Mary wrote about this recently, and it rightly remains a topic of conversation: Women in Science.
PNAS recently had an article entitled, “Understanding the current causes of women’s underrepresentation in science.” suggests that today’s reasons for the underrepresentation of women in (math intensive) sciences is less due to active discrimination and more due, as they write,
…primarily to factors surrounding family formation and childrearing, gendered expectations, lifestyle choices, and career preferences—some originating before or during adolescence
and that to alleviate the differential, we must look to that cause.
women scientists are often loaded with jobs that best could be described as “cleaning up the mess.” Things like god awful committee work and other ‘service’ commitments. Even as post-docs and graduate students, women, in my experience, disproportionately shoulder ‘teamwork’ burdens in labs that men do not.
I’m not sure I see this in my own anecdotal experiences, but it would definitely make a fascinating study if one could design some objective measure of ‘cleaning up the mess.’ Perhaps take ‘teamwork’ measures (committee membership, outside service commitments) and compare genders in the same workstages (grad students, post docs, pre-tenured, etc).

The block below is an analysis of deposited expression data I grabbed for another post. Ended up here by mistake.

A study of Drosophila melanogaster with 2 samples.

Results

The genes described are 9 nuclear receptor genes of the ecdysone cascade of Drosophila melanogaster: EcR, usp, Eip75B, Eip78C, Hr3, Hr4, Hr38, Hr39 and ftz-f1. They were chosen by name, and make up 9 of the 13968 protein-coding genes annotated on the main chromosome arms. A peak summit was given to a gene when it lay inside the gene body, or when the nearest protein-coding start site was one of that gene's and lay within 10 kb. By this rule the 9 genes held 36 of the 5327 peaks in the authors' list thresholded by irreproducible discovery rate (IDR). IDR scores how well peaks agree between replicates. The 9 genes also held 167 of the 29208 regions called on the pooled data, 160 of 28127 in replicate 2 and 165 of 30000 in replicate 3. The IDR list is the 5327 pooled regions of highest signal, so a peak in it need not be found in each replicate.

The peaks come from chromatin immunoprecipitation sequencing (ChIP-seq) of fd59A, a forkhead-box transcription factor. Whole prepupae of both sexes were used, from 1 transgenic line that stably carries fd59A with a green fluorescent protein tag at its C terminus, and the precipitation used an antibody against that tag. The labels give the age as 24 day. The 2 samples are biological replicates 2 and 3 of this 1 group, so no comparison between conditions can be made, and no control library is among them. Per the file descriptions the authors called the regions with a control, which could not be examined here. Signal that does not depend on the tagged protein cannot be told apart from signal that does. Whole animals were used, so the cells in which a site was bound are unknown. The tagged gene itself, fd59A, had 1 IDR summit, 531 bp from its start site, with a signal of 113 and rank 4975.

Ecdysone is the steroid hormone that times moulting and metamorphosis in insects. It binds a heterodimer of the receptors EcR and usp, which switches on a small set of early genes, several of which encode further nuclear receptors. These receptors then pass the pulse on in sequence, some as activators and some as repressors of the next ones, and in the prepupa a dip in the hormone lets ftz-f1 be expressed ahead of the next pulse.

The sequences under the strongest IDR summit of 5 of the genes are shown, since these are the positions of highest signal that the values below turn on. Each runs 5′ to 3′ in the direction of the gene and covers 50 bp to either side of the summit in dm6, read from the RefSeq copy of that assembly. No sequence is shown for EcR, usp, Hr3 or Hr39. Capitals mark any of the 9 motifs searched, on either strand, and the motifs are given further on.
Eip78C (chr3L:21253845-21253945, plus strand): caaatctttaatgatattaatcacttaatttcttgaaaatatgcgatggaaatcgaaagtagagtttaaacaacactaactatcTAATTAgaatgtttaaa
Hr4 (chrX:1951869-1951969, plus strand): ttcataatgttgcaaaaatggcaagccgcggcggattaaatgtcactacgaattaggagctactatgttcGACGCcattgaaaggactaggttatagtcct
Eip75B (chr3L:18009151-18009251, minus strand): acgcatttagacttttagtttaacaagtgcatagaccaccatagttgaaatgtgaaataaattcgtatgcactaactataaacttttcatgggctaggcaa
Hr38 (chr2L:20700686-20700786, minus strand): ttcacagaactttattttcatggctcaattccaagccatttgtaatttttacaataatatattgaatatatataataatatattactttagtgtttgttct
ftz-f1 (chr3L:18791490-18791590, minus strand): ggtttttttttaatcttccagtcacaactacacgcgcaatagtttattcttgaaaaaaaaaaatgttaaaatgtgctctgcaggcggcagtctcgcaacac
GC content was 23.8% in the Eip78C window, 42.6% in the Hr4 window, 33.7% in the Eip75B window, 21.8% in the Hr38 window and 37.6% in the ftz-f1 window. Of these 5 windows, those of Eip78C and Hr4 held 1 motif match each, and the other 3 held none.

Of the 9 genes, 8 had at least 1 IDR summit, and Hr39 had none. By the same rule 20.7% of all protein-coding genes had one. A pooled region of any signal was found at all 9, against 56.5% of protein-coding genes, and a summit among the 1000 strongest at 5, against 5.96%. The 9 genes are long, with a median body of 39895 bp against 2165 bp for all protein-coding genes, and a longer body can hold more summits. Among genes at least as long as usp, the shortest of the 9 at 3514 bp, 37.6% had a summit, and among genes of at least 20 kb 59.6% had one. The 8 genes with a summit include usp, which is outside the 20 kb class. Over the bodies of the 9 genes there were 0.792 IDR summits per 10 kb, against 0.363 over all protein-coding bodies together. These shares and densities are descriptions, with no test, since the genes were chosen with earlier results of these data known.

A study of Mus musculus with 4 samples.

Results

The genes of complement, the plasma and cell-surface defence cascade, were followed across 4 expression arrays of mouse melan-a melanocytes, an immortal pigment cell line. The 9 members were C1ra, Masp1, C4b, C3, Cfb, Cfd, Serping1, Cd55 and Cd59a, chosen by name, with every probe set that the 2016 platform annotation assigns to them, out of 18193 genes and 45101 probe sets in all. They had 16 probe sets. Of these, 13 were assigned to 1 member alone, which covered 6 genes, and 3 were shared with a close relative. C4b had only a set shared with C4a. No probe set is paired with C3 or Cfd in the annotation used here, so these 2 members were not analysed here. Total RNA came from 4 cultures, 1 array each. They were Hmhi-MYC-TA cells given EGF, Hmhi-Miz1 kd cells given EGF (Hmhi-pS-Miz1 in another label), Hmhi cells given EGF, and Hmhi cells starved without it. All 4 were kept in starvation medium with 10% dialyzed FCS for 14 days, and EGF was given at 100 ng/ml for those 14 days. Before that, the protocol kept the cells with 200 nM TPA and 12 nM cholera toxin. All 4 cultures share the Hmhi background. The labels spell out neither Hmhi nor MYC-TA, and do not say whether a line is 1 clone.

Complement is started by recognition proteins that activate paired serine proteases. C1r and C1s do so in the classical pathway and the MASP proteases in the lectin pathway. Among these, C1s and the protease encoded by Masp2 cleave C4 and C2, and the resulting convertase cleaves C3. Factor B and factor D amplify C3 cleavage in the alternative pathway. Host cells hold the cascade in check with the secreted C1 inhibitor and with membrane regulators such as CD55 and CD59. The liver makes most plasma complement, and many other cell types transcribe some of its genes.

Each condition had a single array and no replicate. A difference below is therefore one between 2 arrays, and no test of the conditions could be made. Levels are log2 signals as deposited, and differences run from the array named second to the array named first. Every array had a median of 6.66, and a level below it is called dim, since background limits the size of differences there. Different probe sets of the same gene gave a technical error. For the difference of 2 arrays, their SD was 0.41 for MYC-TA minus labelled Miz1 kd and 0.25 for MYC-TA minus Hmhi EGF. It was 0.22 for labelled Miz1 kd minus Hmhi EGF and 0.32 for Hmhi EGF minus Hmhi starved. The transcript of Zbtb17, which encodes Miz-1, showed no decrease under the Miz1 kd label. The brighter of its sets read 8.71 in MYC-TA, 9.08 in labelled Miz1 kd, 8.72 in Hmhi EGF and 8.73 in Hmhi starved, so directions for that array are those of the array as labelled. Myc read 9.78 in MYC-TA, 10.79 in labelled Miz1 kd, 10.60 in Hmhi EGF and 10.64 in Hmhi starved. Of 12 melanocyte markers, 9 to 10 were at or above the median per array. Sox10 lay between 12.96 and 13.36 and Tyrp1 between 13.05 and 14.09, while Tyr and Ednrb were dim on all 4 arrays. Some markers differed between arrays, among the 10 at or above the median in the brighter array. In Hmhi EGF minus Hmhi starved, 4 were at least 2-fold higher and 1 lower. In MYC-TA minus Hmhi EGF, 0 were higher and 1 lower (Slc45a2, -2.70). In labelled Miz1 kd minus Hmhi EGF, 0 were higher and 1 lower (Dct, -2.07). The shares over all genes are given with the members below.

In our own anecdotal experience, we conduct genomics training workshops across the country and internationally (Singapore, Morocco, Iceland, NYC, Kansas City MO, LA, DC, Huntsville Alabama, San Francisco, Boston and the list goes one) in many different types of institutions (universities, government research and private institutions, etc) and a broad range of scientists (students, postdocs, early and late career researchers). I could say (with data :), that the slim majority of our workshop attendees are women in total and in nearly every single location (including Morocco and Huntsville :D).
This is not to say that women are not underrepresented in biological sciences. The data suggest they are. It could be that women or more likely to seek educational opportunities and thus sign up for workshops at higher rates, or that there is equal representation of women in biological sciences at the early states (grad students, postdocs) and that representation dwindles in later stages of career. My purely anecdotal observation of our workshops suggests it might be the latter (most, but surely not all of our attendees are ‘early-stage’), and that would definitely square with the data. Perhaps we should add to our survey some questions about gender and career stage, just for interest sake?